School kids in America all learn about King Ferdinand and Queen Isabella and how they equipped Christopher Columbus with three ships to sail west from Spain in 1492. Collectors who choose to collect coins from this era have their work cut out for them. It is not because the coins are scarce. There are far more of them than one might think. It is because the coins are difficult to attribute, catalog, and evaluate.
The coin in our picture comes from one of our favoite dealers in such material, Calgary Coin on VCoins.com.
Most collectors have it made. Coins dated after 1600 generally have inscriptions which give the name of the country of origin, an explicit date, and the denomination such as 1 cent, 50 pesos, or 10 lira. Not so with these old medieval beauties. You have to know the style of the patterns to guess at the country of origin, you almost never find a date on the coin, and, if you are lucky, you must apply your detailed knowledge of world history to figure out what a coin actually is. A relatively small handful of collectors are willing to brave these collecting waters.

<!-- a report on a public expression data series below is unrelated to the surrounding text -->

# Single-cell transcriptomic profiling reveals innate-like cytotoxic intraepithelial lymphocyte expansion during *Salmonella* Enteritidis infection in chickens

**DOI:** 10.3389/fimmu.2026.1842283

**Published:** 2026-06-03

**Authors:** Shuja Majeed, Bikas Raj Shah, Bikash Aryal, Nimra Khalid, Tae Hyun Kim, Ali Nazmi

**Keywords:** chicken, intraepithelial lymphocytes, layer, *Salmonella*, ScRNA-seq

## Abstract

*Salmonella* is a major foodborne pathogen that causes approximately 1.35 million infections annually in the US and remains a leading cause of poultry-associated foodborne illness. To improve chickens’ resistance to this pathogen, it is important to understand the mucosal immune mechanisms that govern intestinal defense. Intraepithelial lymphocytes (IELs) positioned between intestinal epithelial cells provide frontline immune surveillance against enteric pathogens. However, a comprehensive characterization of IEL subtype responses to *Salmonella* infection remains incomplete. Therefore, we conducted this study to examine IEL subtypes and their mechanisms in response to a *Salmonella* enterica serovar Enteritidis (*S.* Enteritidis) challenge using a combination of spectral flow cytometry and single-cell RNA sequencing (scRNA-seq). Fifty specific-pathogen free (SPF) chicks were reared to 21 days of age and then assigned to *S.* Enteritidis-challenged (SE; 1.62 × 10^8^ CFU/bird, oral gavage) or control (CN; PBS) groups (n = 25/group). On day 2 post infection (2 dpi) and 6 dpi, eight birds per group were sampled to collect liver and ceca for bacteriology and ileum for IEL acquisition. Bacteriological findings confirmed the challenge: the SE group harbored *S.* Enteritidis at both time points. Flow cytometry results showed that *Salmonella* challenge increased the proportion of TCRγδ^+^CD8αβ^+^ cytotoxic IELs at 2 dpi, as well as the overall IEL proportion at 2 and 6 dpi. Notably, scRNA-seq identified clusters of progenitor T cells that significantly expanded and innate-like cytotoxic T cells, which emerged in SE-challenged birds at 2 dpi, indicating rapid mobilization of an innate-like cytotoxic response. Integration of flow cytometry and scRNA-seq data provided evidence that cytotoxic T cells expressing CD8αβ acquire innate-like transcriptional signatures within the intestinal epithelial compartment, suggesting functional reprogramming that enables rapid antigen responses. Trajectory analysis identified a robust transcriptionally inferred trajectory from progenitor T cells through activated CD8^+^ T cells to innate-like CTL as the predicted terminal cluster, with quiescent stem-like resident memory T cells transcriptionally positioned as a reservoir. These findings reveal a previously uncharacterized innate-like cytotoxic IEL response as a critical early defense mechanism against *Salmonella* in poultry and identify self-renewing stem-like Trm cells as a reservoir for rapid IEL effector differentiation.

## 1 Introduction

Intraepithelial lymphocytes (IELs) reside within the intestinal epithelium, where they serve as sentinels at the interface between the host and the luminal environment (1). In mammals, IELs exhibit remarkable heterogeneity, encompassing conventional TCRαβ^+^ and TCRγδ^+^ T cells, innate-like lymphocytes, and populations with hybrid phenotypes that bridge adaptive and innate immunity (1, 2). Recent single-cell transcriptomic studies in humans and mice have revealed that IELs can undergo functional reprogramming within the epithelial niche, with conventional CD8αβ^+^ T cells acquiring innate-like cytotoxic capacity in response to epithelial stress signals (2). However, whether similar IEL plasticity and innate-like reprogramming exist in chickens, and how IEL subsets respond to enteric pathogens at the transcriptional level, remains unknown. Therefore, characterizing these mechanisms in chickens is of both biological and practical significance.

If you look closely, you can barely make out FERNANDVS ET ELISAB on Calgary's coin, a give-away for early Spain.
Calgary Coin is selling this piece for $135, a fair retail price and typical for such pieces. As always, specimens in better condition command higher prices and in worse condition lower prices. If you were to sell such a coin to Calgary or any other reputable dealer, figure that he or she would pay about one-half the retail price. The difference between buy and sell prices keep the dealership solvent.
It is important, as always, to be wary of counterfeit collectible coins. A small but active subculture of shysters specializes in ripping off collectors using counterfeits, and medieval coins are especially easy to counterfeit.. One of the best places for information on ancient and medieval coins is ForumAncientCoins.com.
CoinQuest thanks Calgary Coin for use of their coin photo.